Wednesday, 2 May 2012

Travel, Family, and Meyer Lemons – Does It Get Any Better?

Pin It

Look at that.  Just...look at that.

Now do you understand why I checked out for so long while I was gone?  I know, I know, there are bloggers far better than I, who schedule posts to go up while they're away – there are even some bloggers, like the Energizer Bunny Pioneer Woman, who write and post while on vacation!  Alas, I am not one of these bloggers.  I am weak, and as much as I may know I should write a post while I'm home in SF, I cannot resist the temptation of an offer to walk along Crissy Field instead.

However, I am not entirely useless – I also cannot resist an opportunity to bake, and the overflowing bowls and bags of Meyer lemons in my mother's house were just that.  Her trees in Napa were heavy with fruit, and she was running out of ideas for what to do with it.  So I bring home for you: Meyer Lemon Quickbread (and some bad phone pics, sorry).


 The best thing about having an overabundance of something is that I feel like I can experiment without worrying about wasting too much; Meyer lemons are kind of a specialty ingredient, so to have too many of them is a wonderful problem.  It meant I could whip something together and if it failed, I still had plenty more lemons to play with. 

Of course, with the pressure completely off like that, you know the bread came out perfect on the first try.


Not that anyone was complaining, especially me.  I threw this bread together on Easter morning, so people would have something other than chocolate to snack on before our big lunch, and when I first started making it I was pretty wary.  For one thing, I didn't really register that zest alone is acidic enough to curdle milk and eggs – which is exactly what happened when I poured milk and eggs over the creamed butter, sugar, and zest.  Ick.  It looked really nasty.  But I had all these naked lemons that needed juicing, and there was no pressure on this baked good – if it was bad, I'd just chuck it, and nobody had to know I'd even tried – so I kept going.



I added the juice, along with some dry ingredients, scraped it all into a buttered pan, sprinkled on some slivered almonds as an afterthought, and put it in the oven.  Half an hour later, the house smelled amazing, but I still wasn't convinced we had a winner.  When I pulled it out of the oven a good ten minutes before schedule, the cake tester came out completely dry.  Crap!  I figured I'd incinerated it.  I nearly threw it out then and there, but instead I called the BF over to taste-test.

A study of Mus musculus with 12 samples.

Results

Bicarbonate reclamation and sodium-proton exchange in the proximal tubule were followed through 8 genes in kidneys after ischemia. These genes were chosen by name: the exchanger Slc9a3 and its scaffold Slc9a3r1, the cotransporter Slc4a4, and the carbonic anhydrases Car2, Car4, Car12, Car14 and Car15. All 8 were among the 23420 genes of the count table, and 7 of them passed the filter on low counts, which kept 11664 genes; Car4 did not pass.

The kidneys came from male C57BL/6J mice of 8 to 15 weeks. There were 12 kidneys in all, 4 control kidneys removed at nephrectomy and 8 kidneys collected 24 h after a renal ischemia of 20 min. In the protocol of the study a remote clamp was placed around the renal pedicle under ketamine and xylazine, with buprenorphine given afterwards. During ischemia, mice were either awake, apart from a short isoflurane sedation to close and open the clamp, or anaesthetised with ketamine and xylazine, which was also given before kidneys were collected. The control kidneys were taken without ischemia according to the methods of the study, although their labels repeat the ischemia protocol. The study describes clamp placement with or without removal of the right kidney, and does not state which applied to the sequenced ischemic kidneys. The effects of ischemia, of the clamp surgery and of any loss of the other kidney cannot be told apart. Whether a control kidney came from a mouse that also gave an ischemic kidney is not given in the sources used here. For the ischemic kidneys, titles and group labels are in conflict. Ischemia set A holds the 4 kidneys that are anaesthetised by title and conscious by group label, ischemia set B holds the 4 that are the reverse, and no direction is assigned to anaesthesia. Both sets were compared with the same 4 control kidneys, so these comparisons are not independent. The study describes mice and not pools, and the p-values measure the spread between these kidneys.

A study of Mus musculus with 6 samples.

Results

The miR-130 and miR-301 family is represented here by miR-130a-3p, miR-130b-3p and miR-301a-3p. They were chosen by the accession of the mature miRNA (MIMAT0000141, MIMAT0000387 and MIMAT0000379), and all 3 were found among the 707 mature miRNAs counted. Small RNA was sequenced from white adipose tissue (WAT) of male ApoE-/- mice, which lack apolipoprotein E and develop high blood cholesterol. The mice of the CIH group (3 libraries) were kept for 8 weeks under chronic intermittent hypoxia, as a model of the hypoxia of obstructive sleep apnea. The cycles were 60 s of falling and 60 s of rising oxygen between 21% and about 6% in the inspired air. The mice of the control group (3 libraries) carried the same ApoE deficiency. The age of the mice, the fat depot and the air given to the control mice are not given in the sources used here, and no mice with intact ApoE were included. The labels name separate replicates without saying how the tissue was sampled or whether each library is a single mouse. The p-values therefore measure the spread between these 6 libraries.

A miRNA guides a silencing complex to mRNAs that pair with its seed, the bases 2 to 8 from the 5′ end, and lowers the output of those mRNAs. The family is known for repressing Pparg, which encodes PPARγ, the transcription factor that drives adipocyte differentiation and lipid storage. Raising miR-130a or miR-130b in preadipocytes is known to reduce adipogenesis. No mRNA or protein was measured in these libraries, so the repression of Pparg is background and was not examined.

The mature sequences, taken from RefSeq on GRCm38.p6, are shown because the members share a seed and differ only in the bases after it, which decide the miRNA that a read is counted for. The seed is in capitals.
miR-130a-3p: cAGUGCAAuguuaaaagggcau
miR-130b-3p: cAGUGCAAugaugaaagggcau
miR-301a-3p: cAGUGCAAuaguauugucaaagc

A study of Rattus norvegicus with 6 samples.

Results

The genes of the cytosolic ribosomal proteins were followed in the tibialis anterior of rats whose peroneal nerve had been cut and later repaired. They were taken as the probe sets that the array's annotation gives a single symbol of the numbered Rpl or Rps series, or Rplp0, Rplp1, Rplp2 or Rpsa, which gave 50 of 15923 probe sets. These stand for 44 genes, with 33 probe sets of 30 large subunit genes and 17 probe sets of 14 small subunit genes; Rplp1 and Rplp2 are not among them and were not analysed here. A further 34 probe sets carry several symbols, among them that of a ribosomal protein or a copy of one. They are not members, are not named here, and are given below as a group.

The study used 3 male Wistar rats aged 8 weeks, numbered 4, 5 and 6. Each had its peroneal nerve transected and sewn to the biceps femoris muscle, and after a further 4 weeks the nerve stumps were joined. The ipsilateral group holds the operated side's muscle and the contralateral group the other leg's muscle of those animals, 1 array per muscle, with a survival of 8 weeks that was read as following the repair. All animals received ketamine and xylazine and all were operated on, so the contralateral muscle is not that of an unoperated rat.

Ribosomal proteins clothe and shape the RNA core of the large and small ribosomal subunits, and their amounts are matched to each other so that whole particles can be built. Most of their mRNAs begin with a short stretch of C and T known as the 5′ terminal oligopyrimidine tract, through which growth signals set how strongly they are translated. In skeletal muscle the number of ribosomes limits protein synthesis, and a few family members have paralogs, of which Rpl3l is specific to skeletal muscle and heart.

And lo and behold, it was good!  Moist, and fluffy, and extremely lemony, just the way my family likes it.  Add some pretty spring napkins and it was a pretty perfect Easter treat!


In fact, I liked it so much I made it again the next week, for a Seder my friend was hosting.  I knew I shouldn't be bringing something leavened, but it was technically a 'Goy Seder' (for non-Jews and semi-Jews alike), so I figured it was okay.


And we still had too many Meyer lemons!  I mean, a huge kitchen with tons of baking equipment; a Viking double-oven range; bowls and bowls of fresh Meyer lemons; plenty of willing tasters for my experiments – with temptations like these, can you really blame me for wanting to turn around and go back right now?  Especially when it's been raining pretty much nonstop here, and SF looks like this:


But you know what they say: home is where the heart is.  And although I'll always leave a large part of my heart in San Francisco, more and more of it goes back to England with the BF every time he leaves me there.  And at some point, it just hurts too much and I have to follow.

Someday, hopefully soon, we'll move back to SF together, and my heart can regroup.  Until then, I'll just keep soothing myself by baking.  With normal lemons, and a little more sugar.  And better photographs next time, I hope...


Meyer Lemon Quickbread
     Note: if you can't find Meyer lemons where you live, regular lemons will still be delicious.  But since Meyers are a bit less sour, and as my family likes our lemon desserts pretty tart anyway, you may want to add a bit more sugar if you use regular lemons.

Preheat oven to 400F/200C and grease an 8x8 baking dish.

In a large bowl, cream together:
     1/2 c (113g) unsalted butter, softened
     3/4 c sugar
     zest of 2 Meyer lemons

Beat in (don't worry if the egg/milk curdles a bit – it'll be fine):
     1 egg, lightly beaten
     dash vanilla
     1/2 c milk

Gently stir in (now the mixture will curdle – again, it's fine, just think of it as buttermilk!):
     juice of 2 Meyer lemons

Mix and add:
     1 1/4 c flour
     2 1/2 tsp baking powder
     hefty pinch salt

Stir just until combined, then pour into the prepared pan and sprinkle with slivered almonds (optional).  Bake in the preheated oven for 20-30 minutes, checking frequently (mine baked super fast, but my parents' oven may run a bit hot).  When a tester comes out clean, or with just a few moist crumbs clinging to it, the bread is done.

2 comments:

  1. Travelling to Europe at a cheapest cost is nothing new Europe Flight Deals Planning a vacation is a joyful experience whether it's with your family, friends or even if you're travelling alone

    ReplyDelete

I love hearing from you guys, so if you have a question or a comment, or even just a random outburst like OMNOMNOM, please post it here!